Adapting to change – especially ‘‘unprecedented’ change has become part of the normal situation for small business owners in Aotearoa, New Zealand. The upside of this is that you’re developing a valuable business strength. You’ll set yourself up to thrive by recognising what’s working in communication, decision-making, confidence and with the people side of change. Just ask your Mentor how important it is to be able to adapt! They’ll know, through their own deep experience, that being good at handling change is key to success.
Change is a state not a task
It’s natural to focus on getting to the end point of any difficult change process. But as long as our business environment is undergoing change, we need to do the same. Thinking about adaptability and change as state of mind can free you from the mental burden of chasing completion.
The pandemic, climate stress and global conflicts have prompted academics to describe today’s world as ‘BANI’ – Brittle, Anxious, Non-linear, Incomprehensible’. This replaces the cold war times of ‘VUCA – Volatility, Uncertainty, Complexity and Ambiguity. Both of these academic constructs are relatable after two years of changing alert levels and endless unpredictability.
Communicating change well helps to build adaptability within your team and organisation. In small businesses, it’s difficult to hide change. Yet, if people know something is happening, but not exactly what or why, they may imagine the worst. Often people are already fearful of change. Actually, some experts believe we’d rather be unhappy than have uncertainty.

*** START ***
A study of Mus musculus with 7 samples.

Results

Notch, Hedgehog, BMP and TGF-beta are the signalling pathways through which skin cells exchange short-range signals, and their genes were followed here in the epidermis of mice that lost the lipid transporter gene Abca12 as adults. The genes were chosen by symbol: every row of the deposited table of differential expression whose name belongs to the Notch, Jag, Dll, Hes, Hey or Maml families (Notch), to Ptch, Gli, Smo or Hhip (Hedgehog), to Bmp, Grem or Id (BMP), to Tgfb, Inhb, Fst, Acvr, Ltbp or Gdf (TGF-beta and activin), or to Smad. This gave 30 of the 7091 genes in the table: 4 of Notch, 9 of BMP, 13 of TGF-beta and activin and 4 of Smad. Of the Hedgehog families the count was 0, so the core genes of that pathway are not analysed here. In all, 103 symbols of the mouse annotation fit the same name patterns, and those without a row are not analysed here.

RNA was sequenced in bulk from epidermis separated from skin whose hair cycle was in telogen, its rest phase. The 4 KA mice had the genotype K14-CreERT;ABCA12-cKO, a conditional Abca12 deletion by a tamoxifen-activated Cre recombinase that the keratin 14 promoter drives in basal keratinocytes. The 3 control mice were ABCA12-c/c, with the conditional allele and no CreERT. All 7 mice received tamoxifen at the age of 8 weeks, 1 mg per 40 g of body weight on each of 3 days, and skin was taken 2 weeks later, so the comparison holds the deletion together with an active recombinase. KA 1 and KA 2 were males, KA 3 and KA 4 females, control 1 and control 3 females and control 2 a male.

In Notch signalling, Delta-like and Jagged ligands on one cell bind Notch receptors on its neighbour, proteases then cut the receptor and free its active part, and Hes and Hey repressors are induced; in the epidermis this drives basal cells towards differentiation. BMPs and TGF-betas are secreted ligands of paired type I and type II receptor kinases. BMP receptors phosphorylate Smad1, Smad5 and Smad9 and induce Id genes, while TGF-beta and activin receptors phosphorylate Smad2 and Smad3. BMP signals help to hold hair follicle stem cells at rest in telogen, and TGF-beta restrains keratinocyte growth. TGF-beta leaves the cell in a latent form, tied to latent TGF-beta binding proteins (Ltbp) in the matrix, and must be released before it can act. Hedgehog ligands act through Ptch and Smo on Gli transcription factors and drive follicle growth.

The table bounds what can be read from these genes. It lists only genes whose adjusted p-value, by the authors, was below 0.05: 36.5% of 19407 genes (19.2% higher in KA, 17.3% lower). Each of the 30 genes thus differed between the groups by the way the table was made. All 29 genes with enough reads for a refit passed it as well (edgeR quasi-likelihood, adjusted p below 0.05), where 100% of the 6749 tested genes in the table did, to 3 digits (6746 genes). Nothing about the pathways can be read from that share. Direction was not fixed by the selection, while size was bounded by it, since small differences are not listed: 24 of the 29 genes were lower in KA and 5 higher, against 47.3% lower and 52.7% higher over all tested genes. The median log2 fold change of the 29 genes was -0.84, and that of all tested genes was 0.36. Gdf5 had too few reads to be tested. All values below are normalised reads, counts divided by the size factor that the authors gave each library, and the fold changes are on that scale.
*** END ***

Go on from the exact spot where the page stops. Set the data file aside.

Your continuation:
Communicating any change early is best, even if you feel like people won’t like what’s changing. Once you explain the situation, a change is no longer a shapeless unknown – conversations can give people clarity.
If you’re facing very high stakes change, it’s probably worth ensuring everyone has access to the same set of facts. Asking managers or peers to relay information can lead to slight distortions or misunderstandings. If there’s complex information you might consider a presentation and some takeaway notes.
Think about what matters most
People are central when making change happen. To help your team embrace or accept what’s happening means remembering what matters most to them. For most people, that’s job security, their way of working, their skills and job satisfaction. You can reduce anxiety about these things by giving as much clarity as possible.
Nurture a culture of adaptability
You can build your team’s confidence and comfort with change by celebrating it regularly. For example, if someone updates the website, show people the benefits and any positive client feedback. If someone learns how to change the paper on the new Eftpos machine, ask them to create tips for others and thank them for taking the lead. A strong and positive culture will make it easier to manage change at any scale.
Adaptability is a skill that can be learned like any other. It combines curiosity, courage and positive self-reflection. For practical approaches to building adaptability, we can look to the tech sector’s ‘Agile’. This industry has broadly adopted a mindset of agility because of its the fast pace of change. You can read more here.
Build your own confidence
One of the best things you can do to build adaptability into your business, is to be confident in your own ability to handle change. That can be hard when you’re making difficult decisions without all the information. A Business Mentor is a vital partner in helping you navigate the business environment.
Unlike a professional advisor, director, or staff member, a Business Mentor has no vested interest, other than your success. If you're willing to listen, a Mentor can help you jump past obstacles and avoid dead ends, giving you a distinct advantage in achieving your goals. Even if your Mentor’s experience is different to your own, they’ll be able to bring a fresh perspective.
Put simply, change is inevitable in today’s business environment, but that brings opportunity. By recognising how to get better at adapting to change, you’ll be developing a strong culture and good team communications so you’re ready for anything.